David Miliband sounded positive as he expressed the hope last night that the detention of a yachtload of British sailors by Iran would be "resolved swiftly". The families of the hapless yachtsmen will have to pray the Foreign Secretary's words are based on more than wishful thinking. Because Iran has rarely been in less of a mood to do favours for any Western power, let alone Britain, the country which arouses most suspicion in the minds of its leaders.

This incident has all the makings of the latest protracted crisis between Iran and the West in which the five yachtsmen could become pawns. Clearly these sailors are not naval personnel, and Mr Miliband will be doing everything to reassure Tehran that they strayed innocently into Iranian waters. On the face of it, there is tactically little for Iran to gain, even in its deepening nuclear stand-off with the West, by holding them for more than a few days.

By last night, it was still not clear if Iran had accused the men of spying or any other misdeeds. The hopeful scenario is that they will be freed in a gesture of magnanimity, sent on their way in a blaze of handshakes and photographs, perhaps even dressed in identical Iranian-made suits, just like the eight British naval personnel arrested by Iran in 2007, and eventually freed as "a gift" to the UK.

But there are several recent precedents to suggest a more ominous outcome. Three American hikers strayed over the Iraqi border into Iran earlier this year apparently while on a trekking holiday. They were seized, taken to Tehran and are now facing trial for espionage. A few months before them, Roxana Saberi, a young American-Iranian journalist was convicted of spying and sent to jail for eight years, although she was eventually freed.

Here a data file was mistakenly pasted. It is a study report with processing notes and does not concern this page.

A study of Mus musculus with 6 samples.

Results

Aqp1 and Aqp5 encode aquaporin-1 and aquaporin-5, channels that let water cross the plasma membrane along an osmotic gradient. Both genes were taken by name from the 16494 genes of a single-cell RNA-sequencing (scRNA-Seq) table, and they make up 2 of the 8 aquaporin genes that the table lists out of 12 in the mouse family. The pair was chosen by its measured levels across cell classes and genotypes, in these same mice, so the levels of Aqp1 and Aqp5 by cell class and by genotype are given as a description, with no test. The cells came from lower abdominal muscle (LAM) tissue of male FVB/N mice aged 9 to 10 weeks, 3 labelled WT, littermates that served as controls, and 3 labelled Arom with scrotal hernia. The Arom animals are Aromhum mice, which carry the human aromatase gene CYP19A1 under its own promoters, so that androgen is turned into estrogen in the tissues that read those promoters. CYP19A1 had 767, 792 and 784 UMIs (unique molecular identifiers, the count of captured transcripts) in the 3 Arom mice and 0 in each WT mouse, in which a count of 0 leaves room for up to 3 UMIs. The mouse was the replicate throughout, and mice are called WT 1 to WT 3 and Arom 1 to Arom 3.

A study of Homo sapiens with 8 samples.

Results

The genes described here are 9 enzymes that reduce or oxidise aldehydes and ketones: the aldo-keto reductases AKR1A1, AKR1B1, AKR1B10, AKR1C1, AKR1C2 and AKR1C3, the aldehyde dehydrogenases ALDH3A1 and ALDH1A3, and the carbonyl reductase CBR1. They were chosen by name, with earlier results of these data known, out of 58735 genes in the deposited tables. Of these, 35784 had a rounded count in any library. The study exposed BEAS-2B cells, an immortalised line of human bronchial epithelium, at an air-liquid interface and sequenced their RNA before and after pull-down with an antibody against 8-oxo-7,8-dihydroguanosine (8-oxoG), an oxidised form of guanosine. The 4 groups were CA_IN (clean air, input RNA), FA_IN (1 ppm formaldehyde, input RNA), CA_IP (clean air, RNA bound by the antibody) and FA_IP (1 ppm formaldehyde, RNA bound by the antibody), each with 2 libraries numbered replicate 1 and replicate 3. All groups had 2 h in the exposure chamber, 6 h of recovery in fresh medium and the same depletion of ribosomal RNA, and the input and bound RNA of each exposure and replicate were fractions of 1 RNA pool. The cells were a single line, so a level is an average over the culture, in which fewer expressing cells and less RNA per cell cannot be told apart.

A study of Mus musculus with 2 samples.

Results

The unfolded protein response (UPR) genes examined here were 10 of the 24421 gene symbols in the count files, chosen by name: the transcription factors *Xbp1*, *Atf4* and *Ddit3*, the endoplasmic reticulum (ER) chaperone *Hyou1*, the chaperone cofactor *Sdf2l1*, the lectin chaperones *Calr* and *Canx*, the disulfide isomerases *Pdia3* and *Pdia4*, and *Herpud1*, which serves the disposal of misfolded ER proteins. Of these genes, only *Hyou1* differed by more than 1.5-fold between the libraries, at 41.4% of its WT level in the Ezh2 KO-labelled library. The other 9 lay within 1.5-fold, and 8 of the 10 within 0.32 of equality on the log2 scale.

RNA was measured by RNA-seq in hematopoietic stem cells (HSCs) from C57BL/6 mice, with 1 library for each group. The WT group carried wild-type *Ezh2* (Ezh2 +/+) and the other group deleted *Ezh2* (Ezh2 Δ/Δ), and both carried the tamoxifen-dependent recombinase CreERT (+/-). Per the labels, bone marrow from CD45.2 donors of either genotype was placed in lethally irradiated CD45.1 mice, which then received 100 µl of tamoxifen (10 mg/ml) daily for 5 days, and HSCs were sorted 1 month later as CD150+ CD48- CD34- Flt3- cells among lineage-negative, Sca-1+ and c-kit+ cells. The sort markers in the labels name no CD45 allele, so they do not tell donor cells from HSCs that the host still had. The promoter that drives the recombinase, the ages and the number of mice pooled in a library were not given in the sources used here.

Ali Ansari, professor of Iranian history at St Andrews University believes much will hang on the fact that the yachtsmen's fate will be decided by just two men: Iran's Supreme Leader Ayatollah Ali Khamanei and his close ally, the hard-line President Mahmoud Ahmadinejad. Neither is remotely interested in mollifying the West.

Indeed, since the disputed June elections which returned Mr Ahmadinejad to power, events inside the country have put this axis hugely on the defensive. The Supreme Leader and the President are waging a power struggle with clerical and reformist factions who accuse them of betraying the ideals of the Islamic revolution. They are also engaged in a brutal suppression of groups and individuals who organised the post-election street demonstrations, the biggest show of opposition since the 1979 revolution. Did the five-man yachting crew play (or sail) directly into the regime's hands, presenting the perfect "crisis" from abroad they can exploit?

As Dr Ansari says: "My guess is they will hang on to them because it will help divert attention domestically and also divert the foreign media from demonstrations planned for 7 December. There is always method to their madness."